Writing in Glass by Janice Worthen

Being young is taking
any hand that opens,
running forward
when the light says, “Don’t walk.”

Growing old is knowing
the way a hand opens
reveals an inclination to take
if given the chance,

that a raised eyebrow
precedes a raised fist.

I sat at a table in the dark for hours
willing myself to ask for a glass of water,
but the waves closed over me,
and the fish turned their heads.

They say
silence is golden,
family/God is love.

But words
cut corners,
shake the walls.
They toppled the roof
of my childhood.

I hid in closets,
under beds,
inside playground equipment,
but the sky loomed overhead,
heavy on my small body.

For a while the sky turned green,
cats flew on angel wings,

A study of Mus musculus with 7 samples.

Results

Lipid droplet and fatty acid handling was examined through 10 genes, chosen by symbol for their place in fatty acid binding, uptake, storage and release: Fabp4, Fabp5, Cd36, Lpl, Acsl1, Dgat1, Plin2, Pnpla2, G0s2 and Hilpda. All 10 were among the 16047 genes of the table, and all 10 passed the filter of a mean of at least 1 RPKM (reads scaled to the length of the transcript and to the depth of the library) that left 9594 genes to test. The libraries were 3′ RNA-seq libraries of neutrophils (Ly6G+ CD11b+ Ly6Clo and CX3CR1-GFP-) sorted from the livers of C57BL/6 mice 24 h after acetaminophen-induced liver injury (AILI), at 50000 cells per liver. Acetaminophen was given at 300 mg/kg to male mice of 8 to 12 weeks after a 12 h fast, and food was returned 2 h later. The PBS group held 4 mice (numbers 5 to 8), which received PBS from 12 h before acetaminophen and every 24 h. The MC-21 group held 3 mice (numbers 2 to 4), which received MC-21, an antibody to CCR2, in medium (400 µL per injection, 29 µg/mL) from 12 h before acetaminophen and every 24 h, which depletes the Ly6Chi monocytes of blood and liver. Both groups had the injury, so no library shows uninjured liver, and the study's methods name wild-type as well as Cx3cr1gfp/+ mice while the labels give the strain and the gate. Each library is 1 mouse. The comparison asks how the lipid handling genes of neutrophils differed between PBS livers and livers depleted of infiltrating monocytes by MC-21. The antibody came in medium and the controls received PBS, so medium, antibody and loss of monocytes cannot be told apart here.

and insects played chess on the porch.

I became used
to the strangeness
of the familiar.

My true form
came back as déjà vu.
I walked into the real
as others walk into dreams—
through a veil,
things fuzzy
then exactly what I expected.

I learned truth again
as one learns a foreign language.
Correct conjugation
of human actions: control, controlled, controlling.
List of terms: friend, enemy, frenemy.
Fluency of use: sometimes “how are you” means “I hate what you make me.”

We form packs by crippling each other
and call this devotion.
We sit the child at the table
and make her hate her thirst.

This we call education.

I was pliant, so I was complicit.

I was the stranger’s voice in my head


I must not speak
for fear of echo

Janice Worthen lives in the Bay Area. By day, she is the shipping coordinator
for Small Press Distribution. By night, she writes poetry and freelance news
stories, blogs, and snores. Her poems have appeared in The Rectangle,
Switchback, and Your Impossible Voice.